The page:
In defense of Canada's "No Abortion Policy" in foreign aid
Joseph C. Ben-Ami Friday, 07 May 2010
At a recent meeting of G8 Ministers in Halifax, Bev Oda put to rest weeks of speculation by announcing that Canada would definitely not be funding programs that promote or perform abortions as part of its contribution to the proposed Maternal Health Initiative in developing countries. Judging by the reaction of some in the media, one would think the Conservatives were planning to ban food shipments to victims of famine. In fact, the decision makes good sense.
To begin with, the Maternal Health Initiative is not intended to be a Canadian initiative alone. What Mr. Harper proposed is a joint G8 program. If the other G8 countries don't agree to participate in the Maternal Health Initiative, it won't happen. There is no plan for Canada to "go it alone".
It's important to know this because, if the initiative proceeds, the resources contributed by each country will end up being allocated in a coordinated manner. In practical terms, this means that the decision of any country to direct its contributions to one area of the initiative can be off-set by other countries directing their resources to others areas. Let's say, for example, that Canada decides to direct its contribution toward a "better nutrition program" for mothers with young children. The Americans could easily direct their contribution toward the expansion of abortion services if that - as US Secretary of State Hillary Clinton seems have been saying - is what is important to them. The net result on the ground will not change. The argument that pregnant mothers will be denied access to safe abortions as a consequence of Canada's stand is, therefore, specious.
The government has been accused of putting ideology ahead of women's health. This itself is nothing more than ideologically motivated clap trap.
Consider what would happen if Canada were to go it alone on the Maternal Health Initiative. In such a scenario, the distribution of resources would be zero-sum, i.e. the allocation of funds to expand abortion services would require a commensurate reduction of funding for other, equally important health services. To put it plainly, more abortions in one country would mean less food and medical care for mothers and their children in another.
Faced with this reality - and let me stress once again that this is not the case with the proposed G8 Maternal Health Initiative - the difficult decision must be made as to where finite resources will be directed. Obviously the values, or "ideology", of the government of the day play a role in this decision, but that cuts both ways; the decision by one government to fund expanded abortion services overseas is just as "ideological" as the decision not to. Any assertion to the contrary is merely self-serving twaddle.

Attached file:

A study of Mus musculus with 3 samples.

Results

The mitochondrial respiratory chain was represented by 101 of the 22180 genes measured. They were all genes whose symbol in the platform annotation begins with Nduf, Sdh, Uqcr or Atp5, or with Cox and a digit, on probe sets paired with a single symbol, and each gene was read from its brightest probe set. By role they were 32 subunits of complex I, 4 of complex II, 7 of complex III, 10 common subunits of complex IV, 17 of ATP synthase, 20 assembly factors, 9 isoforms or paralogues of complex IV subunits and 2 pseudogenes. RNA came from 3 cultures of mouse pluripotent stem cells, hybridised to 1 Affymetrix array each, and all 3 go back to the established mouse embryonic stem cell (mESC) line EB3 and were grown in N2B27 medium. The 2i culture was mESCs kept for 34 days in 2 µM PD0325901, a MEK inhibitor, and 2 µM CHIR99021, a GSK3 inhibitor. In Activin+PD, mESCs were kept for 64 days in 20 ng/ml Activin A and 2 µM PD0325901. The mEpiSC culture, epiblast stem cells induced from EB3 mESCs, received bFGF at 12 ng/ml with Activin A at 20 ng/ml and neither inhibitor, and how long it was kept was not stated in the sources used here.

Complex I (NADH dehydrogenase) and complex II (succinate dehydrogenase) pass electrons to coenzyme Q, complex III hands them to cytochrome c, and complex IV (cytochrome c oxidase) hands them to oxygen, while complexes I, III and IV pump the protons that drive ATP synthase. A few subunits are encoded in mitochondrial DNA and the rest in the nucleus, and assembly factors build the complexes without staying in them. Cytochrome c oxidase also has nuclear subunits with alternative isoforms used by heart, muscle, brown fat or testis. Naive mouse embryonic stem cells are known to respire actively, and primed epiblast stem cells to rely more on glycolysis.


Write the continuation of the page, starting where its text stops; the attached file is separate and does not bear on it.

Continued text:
The question, therefore, is: how closely do the values of the government correspond to the values of Canadian at large on this issue?
If polling tells us anything about Canadians' attitude to abortion, it's that they are overwhelmingly troubled by it, but deeply divided over what to do. In view of this lack of consensus, a case can be made that the government's decision is entirely consistent with the feelings of Canadians on the subject, especially since that decision does not prevent individuals from supporting an international pro-abortion agenda if they so choose.
That's right - as independent organizations, groups like Planned Parenthood are perfectly able to raise money on their own and spend it as they please, without government interference. The fact that they don't - or can't - raise private money despite in many cases having charitable status, is a strong indication of how little Canadians actually support their agenda. This is an important aspect of the overall story, yet a search of the record could not find a single report that includes it. Not one.
Media collusion or just plain laziness? You be the judge.
Whatever the answer, it's abundantly clear that, far from imposing it's "ideology", where there is no consensus this government is respecting the right of Canadians to choose for themselves who they will support.
What about the fact that abortion is legal in Canada and fully funded through tax dollars? Shouldn't our foreign policy reflect those facts?
There are two problems with this line of reasoning. First, Canada's domestic policy toward abortion is badly out of step with Canadians' attitude on the subject. Canadians may not be marching in the streets by the millions demanding change, but that doesn't mean that they embrace the status quo and have a burning desire to see it exported.
The second problem is that, while abortion on demand may be legal in Canada, it's actually illegal in most of the countries into which aid would flow as part of this initiative.
I'm surprised that this fact has garnered as little attention as it has in this debate. It's one thing for private groups like Planned Parenthood to raise money and spend it in defiance of the laws and customs of the countries in which they are operating - it's another thing entirely when states do. The former is a nuisance; the latter is a form of neo-colonialism that can undermine any number of bi-lateral or multi-lateral initiatives from improving trade to protecting the environment.
Inter-state relations is just one more of the "real world" facts with which government must contend.
To summarize, Canada's decision to refrain from funding abortion services in developing countries as part of its contribution to the Maternal Health Initiative represents a sensible compromise on an emotional issue that will provide real aid to women in need in a manner consistent with genuine Canadian values, without imposing a moral choice on anyone.
It doesn't happen often, but it's an example of good policy-making for which the federal Conservatives are to be congratulated.